Every now and then, I come across a word I wish I had learned in college, because I would have used it many times. “Callipygian” is one such word. It means “having shapely buttocks” and if you’ve never been called “callipygian,” trust me, it’s only because you refused to go on that date with the former Spelling Bee champion. You missed out on a chance to receive the compliment of your life. It’s something you’d want to put on your tombstone. “Here lies Fatima Khan: She was as callipygian as J. Lo and Beyoncé.”

“Callipygian” is one of many great words in the dictionary that only a few people use. Such words are doomed to obscurity and perhaps extinction, partly because the younger generation, communicating through email and text messaging, tend to prefer short words like “u” and “r.” Those may not seem like real words to you and I, but that’s probably because, well, “u n I r old.”

That’s why I had mixed feelings when a reader named Robert J. Baumann of New York City introduced me to an important word. Robert and I, incidentally, have something in common. On his website, he lists his favorite vacation as “anywhere my wife is.” That’s my favorite vacation too – anywhere his wife is.

I just got into trouble with both Robert and my wife and it happened in a femtosecond. “Femtosecond” is the word Robert wrote to me about, hoping I would expose it to my readers, so they can start using it in their daily conversations, perhaps as often as they use other F-words.

A femtosecond is one billionth of one millionth of a second. Ahmed Hassan Zewail, the Egyptian American chemist, used femtoseconds to measure certain chemical reactions. For his great pioneering work, Zewail won the Nobel Prize in Chemistry in 1999, as well as the right to go through airport security one femtosecond faster than other people named Ahmed.

A femtosecond may seem like an inconceivably short time, but it does have applications outside science. If you’re a married man, you know all about femtoseconds. You experience them every day. A femtosecond is the amount of time it takes your wife to:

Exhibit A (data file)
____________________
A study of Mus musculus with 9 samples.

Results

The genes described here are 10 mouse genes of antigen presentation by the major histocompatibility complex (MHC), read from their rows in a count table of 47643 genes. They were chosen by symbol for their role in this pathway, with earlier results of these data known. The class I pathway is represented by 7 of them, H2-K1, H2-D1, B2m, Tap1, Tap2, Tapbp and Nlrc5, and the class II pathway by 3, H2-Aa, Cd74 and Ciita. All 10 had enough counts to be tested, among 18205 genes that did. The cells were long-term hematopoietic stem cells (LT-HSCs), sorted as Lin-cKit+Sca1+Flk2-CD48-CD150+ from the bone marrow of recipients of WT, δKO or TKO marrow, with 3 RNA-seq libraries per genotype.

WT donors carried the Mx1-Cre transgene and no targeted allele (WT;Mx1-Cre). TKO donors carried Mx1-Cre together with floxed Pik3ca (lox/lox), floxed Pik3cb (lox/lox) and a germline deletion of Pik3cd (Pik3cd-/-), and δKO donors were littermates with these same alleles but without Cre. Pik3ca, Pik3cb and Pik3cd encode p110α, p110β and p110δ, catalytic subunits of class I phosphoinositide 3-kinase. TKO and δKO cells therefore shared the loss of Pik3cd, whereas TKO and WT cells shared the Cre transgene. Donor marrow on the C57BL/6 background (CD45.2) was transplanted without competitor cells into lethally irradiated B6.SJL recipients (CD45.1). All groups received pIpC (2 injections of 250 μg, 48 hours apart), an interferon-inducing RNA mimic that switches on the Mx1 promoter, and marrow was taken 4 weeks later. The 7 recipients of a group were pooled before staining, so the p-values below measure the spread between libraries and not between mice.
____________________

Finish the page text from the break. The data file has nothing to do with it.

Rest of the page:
—glare at you when you look at another woman at the beach.

—start giving you a lecture when you make a wrong turn.

—switch channels after accidentally landing on ESPN.

—figure out if anyone at a party is wearing the same dress.

—decide what to buy when she receives a new credit card.

If you’re a married woman, you don’t need Dr. Zewail to explain femtoseconds to you. You’ve already got them down pat. A femtosecond is the amount of time it takes your husband to:

—glance at the instructions that came with the furniture assembly kit.

—figure out where the beer is kept at a party.

—switch channels after accidentally landing on Oprah.

—jump off the couch when you say, “I’m in the mood tonight …”

—groan when you add, “… for chocolate ice cream.”

Femtoseconds are not just for married people, of course. Almost everyone encounters them now and then. It takes only a femtosecond for:

—The short line at the post office to turn into a long line.

—Bill Gates to make a buck.

—George Foreman to eat a pizza.

—The New York cabdriver to honk when the light turns green.

—The drunk at the bar to notice that you’re definitely, most certainly, callipygian.